Presagio Records [Release date: 29.07.16]
Ahh, Aisles, geniuses or not – it’s a very fine line between between the two isn’t it, and this had me thinking all the way through.
I reviewed the Chilean (yes, Chilean) progressive rock outfit’s last two albums ‘In Sudden Walks’ (2012) and ‘4:45AM’ (2013) – both of which were excellent and, in the latter’s case, a great leap forward both in songwriting and musicianship.
I was therefore looking forward with relish to ‘Hawaii’, a sprawling double concept album about a colony in space created by the people of the Earth shortly before the planet died.
I use the word ‘sprawling’ advisedly as I cannot help but think that the band have over-exerted themselves here in an attempt to fully realise their prog credentials.
Yes, it’s a double album and yes, the artwork is excellent but memories of Yes’s overblown trilogy ‘Tales From Topographic Oceans’ were never far away – and this is what makes ‘Hawaii’ a missed opportunity.
With judicious editing and perhaps an external producer (to ask the odd question) the album could easily have been reduced to a single disc – and with the excesses curtailed, the over-repetitive breakdowns and the King Crimson-like discordant nonsense eliminated we could have been looking at a very special album indeed.
For, despite its occasional failings, this is a work of supreme songwriting and musicianship of the highest calibre.
Disc One starts very promisingly with the sublime opening ten minutes of ‘The Poet – Part One’ with its almost jazzy intro and classic prog segues running into the more downbeat acoustic of ‘The Poet – Part Two’ which uses themes from the first track.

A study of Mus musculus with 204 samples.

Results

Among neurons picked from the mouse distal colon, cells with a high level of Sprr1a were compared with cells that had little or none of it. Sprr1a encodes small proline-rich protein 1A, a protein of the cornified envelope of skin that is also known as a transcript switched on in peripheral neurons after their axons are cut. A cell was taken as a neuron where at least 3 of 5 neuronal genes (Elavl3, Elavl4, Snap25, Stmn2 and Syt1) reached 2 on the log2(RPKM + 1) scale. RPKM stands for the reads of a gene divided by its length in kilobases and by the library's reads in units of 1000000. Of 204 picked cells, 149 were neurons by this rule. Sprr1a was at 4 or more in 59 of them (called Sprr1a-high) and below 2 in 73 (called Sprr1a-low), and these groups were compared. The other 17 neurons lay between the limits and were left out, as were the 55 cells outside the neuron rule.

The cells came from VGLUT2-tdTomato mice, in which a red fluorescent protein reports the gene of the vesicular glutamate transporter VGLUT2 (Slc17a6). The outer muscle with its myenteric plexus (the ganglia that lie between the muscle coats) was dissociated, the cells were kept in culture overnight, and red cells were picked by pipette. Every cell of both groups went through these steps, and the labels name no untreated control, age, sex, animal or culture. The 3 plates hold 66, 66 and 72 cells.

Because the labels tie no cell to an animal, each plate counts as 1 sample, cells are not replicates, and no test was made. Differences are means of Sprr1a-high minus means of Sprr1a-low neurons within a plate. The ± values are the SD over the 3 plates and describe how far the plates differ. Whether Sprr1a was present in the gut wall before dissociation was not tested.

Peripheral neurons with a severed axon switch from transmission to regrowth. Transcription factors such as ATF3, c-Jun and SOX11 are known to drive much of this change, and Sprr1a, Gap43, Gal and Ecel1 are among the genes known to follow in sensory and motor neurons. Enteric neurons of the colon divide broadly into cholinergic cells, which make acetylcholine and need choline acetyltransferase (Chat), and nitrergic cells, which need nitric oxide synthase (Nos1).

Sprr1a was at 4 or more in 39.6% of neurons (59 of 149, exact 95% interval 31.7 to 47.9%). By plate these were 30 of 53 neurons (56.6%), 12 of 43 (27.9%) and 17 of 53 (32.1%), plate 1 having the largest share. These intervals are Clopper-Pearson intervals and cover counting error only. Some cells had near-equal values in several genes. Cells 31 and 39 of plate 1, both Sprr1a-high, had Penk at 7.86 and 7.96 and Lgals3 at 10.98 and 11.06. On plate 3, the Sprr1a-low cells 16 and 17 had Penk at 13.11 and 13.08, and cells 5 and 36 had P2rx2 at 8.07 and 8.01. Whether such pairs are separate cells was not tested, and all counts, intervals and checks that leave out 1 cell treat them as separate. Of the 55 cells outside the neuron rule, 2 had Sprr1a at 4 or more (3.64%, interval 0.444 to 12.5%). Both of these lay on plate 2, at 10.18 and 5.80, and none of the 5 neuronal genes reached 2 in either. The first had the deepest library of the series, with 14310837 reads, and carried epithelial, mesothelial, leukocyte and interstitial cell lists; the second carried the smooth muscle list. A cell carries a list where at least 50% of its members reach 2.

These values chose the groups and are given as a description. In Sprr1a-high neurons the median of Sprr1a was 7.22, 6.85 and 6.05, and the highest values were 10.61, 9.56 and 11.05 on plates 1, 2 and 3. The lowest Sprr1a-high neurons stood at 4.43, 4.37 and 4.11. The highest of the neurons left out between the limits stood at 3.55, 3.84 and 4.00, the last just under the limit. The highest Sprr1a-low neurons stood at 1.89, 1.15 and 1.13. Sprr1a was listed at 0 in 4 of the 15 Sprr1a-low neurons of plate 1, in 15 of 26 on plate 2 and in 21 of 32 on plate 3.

‘Year Zero’ with the chorus pedal in full effect carries things along nicely to ‘Upside Down’ with its lovely piano figure opening sounding, to these ears anyway, very Yes-like and with some tasty Hackett-esque guitar thrown in – although spoiled a little by an over-repetitive riff.
The final cut on disc one, ‘CH-7’, is a classic case of where a slash of the editor’s knife wouldn’t have gone amiss – the whole track being dominated by spacey guitar noises, a spoken vocal and the band appearing to be locked into a riff they can’t get out of. Twelve minutes here that could easily be six without missing anything.
This could equally be true of Disc Two’s slow-paced opener ‘Terra’ with its lovely acoustic opening which is somewhat spoiled by an over-repetitive fade out which then descends into a KC noise-athon.
Things look up significantly with the celestial ‘Pale Blue Dot’ – the outstanding track – and the title cut ‘Club Hawaii’ which uses spoken word with the music to give the denoument of the concept.
So, genius or not?
There can be no doubt that much of ‘Hawaii’ is touched by genius, some of the musical passages are genuinely jaw-dropping and the concept stands up well to scrutiny – but the overall feeling is one of a band trying too hard to fill a double album where a little curbing of excess would have produced an exceptional piece of work.
Gets a four but a nailed-on five for a single. ****
Review by Alan Jones
Alan sequences “The Eclectic Mix” on Get Ready to ROCK! Radio, second Sunday of the month at 18:00 GMT. Expect some prog and, maybe, some Aisles.